Thursday, June 06, 2013

`A Mirrour in Every Mind'

The late Scottish poet Mick Imlah’s speaker in “Gray’s Elegy” (Selected Poems, Faber and Faber, 2010) remembers a schoolmaster whose students think of him as coming “from table-talk / With Lamb and Hazlitt; we guessed he was gay.” He’s a familiar Mr. Chips sort, gentle, pedantic, abstracted, benignly eccentric, harmless. Some of us remember the type. My Medieval History professor made poetry out of the painter Cimabue’s name. Otherwise unaffected in speech, he pronounced it in the manner of a stage Italian, elongating the vowels. It was a performance some of us relished, and it signaled a digression into the life of Giotto and the lingering influence of Byzantine style on Italian art. 

The boys question Hardy’s choice of Madding Crowd in his novel’s title. (I remember a boy in high-school English asking sincerely why they burned faggots in The Return of the Native.) The teacher explains the allusion to Thomas Gray’s “Elegy Written in a Country Churchyard” and the practice of authors borrowing titles (“commandeered”) from earlier texts.  He “brightened briefly” at the prospect of reading the elegy with the boys, suggesting they look for other familiar phrases in the poem (“The short and simple annals of the poor,” “The paths of glory lead but to the grave”). One senses his boyish delight in such things and the chance to share a favorite poem with his students, but “Gray’s Elegy” closes on a falling note, a disappointing irrelevancy worthy of Chekhov:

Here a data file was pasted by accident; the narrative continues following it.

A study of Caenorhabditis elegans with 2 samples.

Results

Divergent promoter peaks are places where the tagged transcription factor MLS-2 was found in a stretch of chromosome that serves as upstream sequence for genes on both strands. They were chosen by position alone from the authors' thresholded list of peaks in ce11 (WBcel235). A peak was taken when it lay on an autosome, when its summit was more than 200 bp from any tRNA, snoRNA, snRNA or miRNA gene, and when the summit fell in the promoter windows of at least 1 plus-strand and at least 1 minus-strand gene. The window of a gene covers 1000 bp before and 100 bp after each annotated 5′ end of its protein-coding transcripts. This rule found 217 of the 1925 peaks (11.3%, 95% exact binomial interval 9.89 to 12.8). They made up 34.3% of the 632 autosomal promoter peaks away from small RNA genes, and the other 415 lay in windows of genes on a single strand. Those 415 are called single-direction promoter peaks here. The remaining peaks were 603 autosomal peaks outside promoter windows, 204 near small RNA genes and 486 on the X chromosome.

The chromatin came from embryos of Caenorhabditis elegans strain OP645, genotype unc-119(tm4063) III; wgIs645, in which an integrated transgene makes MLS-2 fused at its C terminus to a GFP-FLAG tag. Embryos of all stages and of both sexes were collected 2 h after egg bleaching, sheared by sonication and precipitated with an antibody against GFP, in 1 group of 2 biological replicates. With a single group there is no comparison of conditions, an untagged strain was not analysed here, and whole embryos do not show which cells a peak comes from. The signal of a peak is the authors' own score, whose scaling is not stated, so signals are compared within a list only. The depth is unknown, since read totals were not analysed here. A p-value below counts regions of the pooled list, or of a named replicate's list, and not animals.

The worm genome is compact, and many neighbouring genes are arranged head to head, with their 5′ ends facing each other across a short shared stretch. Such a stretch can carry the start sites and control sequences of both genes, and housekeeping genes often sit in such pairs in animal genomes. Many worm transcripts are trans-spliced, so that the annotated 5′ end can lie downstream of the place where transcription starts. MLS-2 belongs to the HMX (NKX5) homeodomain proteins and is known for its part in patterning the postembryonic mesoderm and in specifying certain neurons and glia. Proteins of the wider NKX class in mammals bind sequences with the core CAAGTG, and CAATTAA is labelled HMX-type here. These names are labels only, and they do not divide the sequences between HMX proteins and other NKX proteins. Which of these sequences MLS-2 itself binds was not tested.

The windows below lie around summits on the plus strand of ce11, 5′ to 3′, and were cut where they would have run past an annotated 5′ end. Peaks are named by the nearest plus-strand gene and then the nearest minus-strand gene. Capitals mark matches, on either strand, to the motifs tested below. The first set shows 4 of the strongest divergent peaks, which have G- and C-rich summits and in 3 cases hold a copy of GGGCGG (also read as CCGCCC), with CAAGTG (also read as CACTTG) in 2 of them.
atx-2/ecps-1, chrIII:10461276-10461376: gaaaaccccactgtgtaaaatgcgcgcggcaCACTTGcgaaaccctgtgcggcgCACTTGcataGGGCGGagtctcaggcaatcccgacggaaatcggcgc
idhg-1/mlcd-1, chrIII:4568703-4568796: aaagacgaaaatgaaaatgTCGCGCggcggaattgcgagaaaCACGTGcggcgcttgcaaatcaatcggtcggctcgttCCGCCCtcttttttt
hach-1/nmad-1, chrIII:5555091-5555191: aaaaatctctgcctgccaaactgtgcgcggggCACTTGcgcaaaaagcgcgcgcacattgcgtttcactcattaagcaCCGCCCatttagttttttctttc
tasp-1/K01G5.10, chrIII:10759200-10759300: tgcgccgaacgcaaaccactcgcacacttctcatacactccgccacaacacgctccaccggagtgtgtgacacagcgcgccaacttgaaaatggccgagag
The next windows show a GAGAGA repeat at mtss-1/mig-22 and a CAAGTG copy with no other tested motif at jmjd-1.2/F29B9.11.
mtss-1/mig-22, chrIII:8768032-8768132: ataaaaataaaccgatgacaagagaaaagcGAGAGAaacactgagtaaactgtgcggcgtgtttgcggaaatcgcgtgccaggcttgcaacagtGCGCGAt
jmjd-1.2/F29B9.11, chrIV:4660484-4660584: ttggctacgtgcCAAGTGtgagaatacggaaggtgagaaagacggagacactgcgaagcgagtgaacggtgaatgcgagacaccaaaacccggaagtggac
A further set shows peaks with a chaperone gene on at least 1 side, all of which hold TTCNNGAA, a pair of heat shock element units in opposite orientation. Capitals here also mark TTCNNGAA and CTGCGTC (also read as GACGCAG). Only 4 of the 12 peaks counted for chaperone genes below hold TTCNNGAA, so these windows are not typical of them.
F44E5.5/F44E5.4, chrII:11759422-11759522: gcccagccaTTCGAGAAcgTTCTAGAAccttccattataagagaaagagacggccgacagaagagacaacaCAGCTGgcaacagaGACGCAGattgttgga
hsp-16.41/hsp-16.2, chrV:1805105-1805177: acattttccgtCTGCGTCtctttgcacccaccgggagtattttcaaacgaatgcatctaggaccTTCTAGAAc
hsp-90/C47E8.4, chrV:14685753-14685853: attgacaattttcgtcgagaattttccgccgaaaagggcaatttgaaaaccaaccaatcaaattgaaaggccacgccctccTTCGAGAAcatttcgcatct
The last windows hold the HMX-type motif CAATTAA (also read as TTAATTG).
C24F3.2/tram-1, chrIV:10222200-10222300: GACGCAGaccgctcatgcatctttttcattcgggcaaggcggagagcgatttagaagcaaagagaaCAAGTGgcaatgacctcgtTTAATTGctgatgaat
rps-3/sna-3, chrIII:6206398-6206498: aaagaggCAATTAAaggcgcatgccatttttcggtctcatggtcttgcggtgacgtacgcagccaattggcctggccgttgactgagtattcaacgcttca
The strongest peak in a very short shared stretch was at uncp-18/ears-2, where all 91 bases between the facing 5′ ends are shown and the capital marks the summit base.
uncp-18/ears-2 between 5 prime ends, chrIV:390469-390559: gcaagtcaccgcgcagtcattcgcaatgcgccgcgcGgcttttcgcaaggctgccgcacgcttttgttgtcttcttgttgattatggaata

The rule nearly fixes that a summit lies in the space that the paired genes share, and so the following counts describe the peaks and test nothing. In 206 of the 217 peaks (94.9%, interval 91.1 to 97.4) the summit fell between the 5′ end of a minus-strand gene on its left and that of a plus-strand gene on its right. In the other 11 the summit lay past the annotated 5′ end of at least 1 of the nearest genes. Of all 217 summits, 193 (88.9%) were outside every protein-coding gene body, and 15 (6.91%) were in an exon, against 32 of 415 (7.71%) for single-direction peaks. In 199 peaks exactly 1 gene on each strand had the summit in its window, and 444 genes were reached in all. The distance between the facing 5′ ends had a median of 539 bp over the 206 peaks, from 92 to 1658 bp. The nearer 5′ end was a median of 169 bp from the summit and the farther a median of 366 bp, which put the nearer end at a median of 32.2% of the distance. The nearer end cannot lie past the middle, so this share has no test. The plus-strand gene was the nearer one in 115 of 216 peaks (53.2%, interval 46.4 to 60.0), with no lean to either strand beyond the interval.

“But there were no Grays left in the stock room,
So we talked about Hardy’s wives till the bell went.” 

Another small disappointment in a life full of them. Imlah memorializes an otherwise forgotten man, one who loves books and hopes to share his love with boys who have other things on their minds. Gray writes and Imlah concurs: “Nor you, ye proud, impute to these the fault, / If Mem’ry o’er their tomb no trophies raise.” In his “Life of Gray,” Dr. Johnson gives us the schoolmaster and his kin who share a bookish devotion: 

“In the character of his Elegy I rejoice to concur with the common reader; for by the common sense of readers uncorrupted with literary prejudices, after all the refinements of subtilty and the dogmatism of learning, must be finally decided all claim to poetical honours. The Church-yard abounds with images which find a mirrour in every mind, and with sentiments to which every bosom returns an echo.”